Reading external files, (not!!)

This is a discussion on Reading external files, (not!!) within the C++ Programming forums, part of the General Programming Boards category; Hello all, I am a complete newbie trying to learn this stuff. I actually have two questions; 1) I have ...

  1. #1

    Hello all,

    I am a complete newbie trying to learn this stuff. I actually have two questions;

    1) I have been looking through a few of the recent threads and I have noticed some differences to my programming, (I'm using MicroSoft Visual Studio 6.0 by the way).

    On this site's programs the header files are:-
    Code:
    #include <iostream>
    #include <fstream>
    On my programming I have to add .h to the header files. Why?

    I'll post the second question on a different message.

  2. #2
    Just a Member ammar's Avatar
    Code:
    using namespace std;
    and it will work fine!

    Note:
    There are many threads dealing with this subject in more details, you might want to check them out!
    none...

  3. #3

    I apologise for blathering on but I am really stuck on this problem.

    I have an external file called "test.dat" from a write program. This bit actually works and the following code is supposed to read from it, but it doesn't. Why, please???

    Code:
    #include <iostream.h>
    #include <fstream.h>
    #include <stdlib.h>
    
    const int max = 80;
    
    int main ()
    {
    ifstream input_file;
    char film[max];
    
    input_file.open("test.dat",ios::in|ios::nocreate);
    
    if (input_file.fail())
    {
    cout << "File does not already exist." << endl;
    exit(1);
    }
    
    while (input_file.peek() != EOF)
    {
    input_file.getline (film, max);
    cout << film <<endl;
    }
    cout << endl;
    
    input_file.close();
    return 0;
    }
    The program compiles OK but when it runs, the result is
    "File does not already exist."

    I am frustrated and confused.

  4. #4

  5. #5

    I tried that but got 2 probs.

    1. The compiler didn't recognise <stdlib>
    2. When I deleted <stdlib> the compiler didn't recognise
    ios::nocreate. It viewed it as an identifier.

    Sorry fella, I am a REAL newbie here!

  6. #6

    if you read my reply to Ammar, you know I'm new to this.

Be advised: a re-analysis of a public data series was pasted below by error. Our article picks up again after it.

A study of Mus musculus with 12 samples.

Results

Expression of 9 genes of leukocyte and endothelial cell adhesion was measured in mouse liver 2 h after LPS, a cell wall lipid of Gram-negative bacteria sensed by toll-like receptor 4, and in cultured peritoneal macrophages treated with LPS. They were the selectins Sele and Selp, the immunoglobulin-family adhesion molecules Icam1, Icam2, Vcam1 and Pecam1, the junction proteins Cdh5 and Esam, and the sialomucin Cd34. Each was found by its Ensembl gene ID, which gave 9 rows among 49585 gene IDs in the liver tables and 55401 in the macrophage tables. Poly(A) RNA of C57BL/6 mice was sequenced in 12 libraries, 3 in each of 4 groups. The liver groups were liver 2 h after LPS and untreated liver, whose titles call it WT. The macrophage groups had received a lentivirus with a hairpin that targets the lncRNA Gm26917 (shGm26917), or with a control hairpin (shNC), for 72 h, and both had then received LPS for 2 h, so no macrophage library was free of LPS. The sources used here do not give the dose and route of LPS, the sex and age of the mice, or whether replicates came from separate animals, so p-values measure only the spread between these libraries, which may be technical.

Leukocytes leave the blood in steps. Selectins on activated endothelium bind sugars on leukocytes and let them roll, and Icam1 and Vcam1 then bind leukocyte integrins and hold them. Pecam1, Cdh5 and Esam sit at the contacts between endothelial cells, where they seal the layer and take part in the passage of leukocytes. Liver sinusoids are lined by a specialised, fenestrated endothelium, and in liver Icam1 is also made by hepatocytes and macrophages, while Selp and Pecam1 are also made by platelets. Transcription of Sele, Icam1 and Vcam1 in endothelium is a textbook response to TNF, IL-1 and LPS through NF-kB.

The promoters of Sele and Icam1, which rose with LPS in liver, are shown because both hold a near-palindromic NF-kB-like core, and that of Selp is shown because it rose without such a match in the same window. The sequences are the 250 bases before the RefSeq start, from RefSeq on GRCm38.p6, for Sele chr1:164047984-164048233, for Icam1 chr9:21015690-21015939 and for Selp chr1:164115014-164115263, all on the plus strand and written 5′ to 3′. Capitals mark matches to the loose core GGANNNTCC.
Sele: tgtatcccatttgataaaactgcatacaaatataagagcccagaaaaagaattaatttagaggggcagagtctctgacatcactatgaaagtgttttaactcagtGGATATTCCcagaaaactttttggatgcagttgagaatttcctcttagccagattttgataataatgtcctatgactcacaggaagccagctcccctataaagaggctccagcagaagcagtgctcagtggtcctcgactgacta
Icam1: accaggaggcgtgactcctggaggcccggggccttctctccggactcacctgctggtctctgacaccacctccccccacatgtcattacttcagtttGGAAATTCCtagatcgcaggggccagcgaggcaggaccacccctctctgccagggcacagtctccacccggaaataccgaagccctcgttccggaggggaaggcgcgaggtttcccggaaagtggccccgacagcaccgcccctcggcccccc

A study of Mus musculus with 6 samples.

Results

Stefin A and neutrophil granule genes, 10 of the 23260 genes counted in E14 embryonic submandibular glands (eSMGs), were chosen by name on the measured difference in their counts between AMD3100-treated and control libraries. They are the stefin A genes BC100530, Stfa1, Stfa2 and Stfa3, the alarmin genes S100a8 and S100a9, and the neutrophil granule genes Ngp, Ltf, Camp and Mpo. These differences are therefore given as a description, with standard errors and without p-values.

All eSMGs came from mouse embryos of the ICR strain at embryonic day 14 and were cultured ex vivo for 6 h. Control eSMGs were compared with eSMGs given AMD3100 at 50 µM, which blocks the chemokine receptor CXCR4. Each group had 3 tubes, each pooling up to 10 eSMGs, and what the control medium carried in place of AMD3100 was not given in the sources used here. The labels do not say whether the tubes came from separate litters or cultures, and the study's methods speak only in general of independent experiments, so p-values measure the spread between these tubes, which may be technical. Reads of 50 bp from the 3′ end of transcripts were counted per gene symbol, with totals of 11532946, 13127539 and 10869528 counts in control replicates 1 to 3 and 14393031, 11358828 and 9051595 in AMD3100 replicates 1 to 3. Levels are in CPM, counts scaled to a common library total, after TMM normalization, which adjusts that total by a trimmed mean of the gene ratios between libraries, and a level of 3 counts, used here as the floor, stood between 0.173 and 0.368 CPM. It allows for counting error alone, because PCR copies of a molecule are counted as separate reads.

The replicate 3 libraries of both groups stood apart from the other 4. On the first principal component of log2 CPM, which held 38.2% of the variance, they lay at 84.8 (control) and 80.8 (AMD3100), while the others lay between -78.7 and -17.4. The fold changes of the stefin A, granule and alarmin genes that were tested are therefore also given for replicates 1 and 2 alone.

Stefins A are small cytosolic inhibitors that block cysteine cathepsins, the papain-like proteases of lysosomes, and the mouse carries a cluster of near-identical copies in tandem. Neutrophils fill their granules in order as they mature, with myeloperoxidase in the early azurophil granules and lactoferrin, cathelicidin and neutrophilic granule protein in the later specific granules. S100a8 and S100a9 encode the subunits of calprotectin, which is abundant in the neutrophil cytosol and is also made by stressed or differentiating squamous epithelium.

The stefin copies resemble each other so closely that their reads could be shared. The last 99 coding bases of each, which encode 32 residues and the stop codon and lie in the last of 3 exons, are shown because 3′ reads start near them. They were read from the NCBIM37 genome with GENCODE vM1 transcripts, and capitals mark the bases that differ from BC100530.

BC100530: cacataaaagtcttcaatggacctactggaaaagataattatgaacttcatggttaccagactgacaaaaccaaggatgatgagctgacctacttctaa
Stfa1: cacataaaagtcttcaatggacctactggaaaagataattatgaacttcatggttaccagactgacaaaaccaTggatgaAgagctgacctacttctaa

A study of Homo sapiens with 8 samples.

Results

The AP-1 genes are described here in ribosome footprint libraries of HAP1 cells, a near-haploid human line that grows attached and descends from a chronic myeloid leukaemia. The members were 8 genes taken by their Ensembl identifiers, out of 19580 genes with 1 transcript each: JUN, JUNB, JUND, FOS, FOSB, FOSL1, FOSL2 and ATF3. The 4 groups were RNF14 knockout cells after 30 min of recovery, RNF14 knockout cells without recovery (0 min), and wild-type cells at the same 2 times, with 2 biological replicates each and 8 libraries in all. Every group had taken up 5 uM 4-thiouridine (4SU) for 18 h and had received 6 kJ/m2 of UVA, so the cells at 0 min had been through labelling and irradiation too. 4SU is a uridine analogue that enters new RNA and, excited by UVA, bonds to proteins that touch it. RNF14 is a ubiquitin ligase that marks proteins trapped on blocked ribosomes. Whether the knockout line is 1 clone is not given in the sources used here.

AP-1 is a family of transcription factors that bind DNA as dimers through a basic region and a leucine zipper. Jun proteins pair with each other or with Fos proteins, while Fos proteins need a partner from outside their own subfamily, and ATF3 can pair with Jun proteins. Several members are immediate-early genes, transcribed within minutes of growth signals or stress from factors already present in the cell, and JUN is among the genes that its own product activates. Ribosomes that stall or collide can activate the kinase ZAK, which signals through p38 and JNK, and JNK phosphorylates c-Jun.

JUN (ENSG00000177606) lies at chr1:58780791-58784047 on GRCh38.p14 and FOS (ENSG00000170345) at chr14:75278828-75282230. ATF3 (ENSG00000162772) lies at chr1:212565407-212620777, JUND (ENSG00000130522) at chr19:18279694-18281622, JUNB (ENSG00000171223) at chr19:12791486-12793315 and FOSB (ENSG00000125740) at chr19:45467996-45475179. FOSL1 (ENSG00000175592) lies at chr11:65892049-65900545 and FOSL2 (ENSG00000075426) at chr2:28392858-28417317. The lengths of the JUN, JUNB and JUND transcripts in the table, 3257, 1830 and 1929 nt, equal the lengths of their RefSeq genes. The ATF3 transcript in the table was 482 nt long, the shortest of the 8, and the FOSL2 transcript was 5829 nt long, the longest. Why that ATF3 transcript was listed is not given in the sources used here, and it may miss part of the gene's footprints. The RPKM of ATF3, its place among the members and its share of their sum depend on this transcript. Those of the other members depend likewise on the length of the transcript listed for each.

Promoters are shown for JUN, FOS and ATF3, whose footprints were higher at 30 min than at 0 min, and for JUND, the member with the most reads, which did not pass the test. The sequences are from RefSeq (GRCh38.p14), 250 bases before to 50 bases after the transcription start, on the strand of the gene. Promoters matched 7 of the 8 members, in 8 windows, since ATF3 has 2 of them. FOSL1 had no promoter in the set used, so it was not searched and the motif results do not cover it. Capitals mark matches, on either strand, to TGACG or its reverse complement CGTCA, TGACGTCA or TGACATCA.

What's "Threads merged" mean?

    I tried adding the test.dat file to the project thinking that it would then be in the right directory. Still the same problem.

  7. #7

    ifstream inFile("C:\\DataFolder\\test_data.txt")

  8. #8
    Pursuing knowledge confuted's Avatar
    Away.

  9. #9
    C++ Developer XSquared's Avatar

    Oh, and if you remove the .h from a standard C library, add c to the front (<stdio.h> becomes <cstdio>).
    Naturally I didn't feel inspired enough to read all the links for you, since I already slaved away for long hours under a blistering sun pressing the search button after typing four whole words! - Quzah

    If you put the data file in the project folder, then you can use just the file name, otherwise use the complete path to your data file with double back slashes:

    ifstream inFile("C:\\DataFolder\\test_data.txt")
    Hi 7stud.

    Thanks for your reply. I tried it but got the same old result---

    "File does not already exist."

    Getting a bit fed up, failing at the first hurdle!!

  11. #11
    Registered User major_small's Avatar
    You should use <iostream> and <fstream> without any .h, because it's the standard library, try using them and adding this line:
    Code:
    using namespace std;
    and it will work fine!

    Note:
    There are many threads dealing with this subject in more details, you might want to check them out!
    that doesn't work with all compilers... i use borland v. 4.5, and i need to use the .h files because it doesn't have the newer libraries...
    Code Goddess Prelude's Avatar
    Get a newer compiler. You're missing out on a lot of new features and there are free compilers for download that comform fairly well to the standard. You should only be using an older compiler to maintain legacy code that won't compile with a newer compiler for some reason.
    My best code is written with the delete key.

  13. #13
    C++ Developer XSquared's Avatar
    Naturally I didn't feel inspired enough to read all the links for you, since I already slaved away for long hours under a blistering sun pressing the search button after typing four whole words! - Quzah

    You. Fetch me my copy of the Wall Street Journal. You two, fight to the death - Stewie

  14. #14
    Registered User major_small's Avatar
    Code Goddess Prelude's Avatar
    That really isn't much better. I never use Visual Studio for C++, it's just too much of a headache.
    My best code is written with the delete key.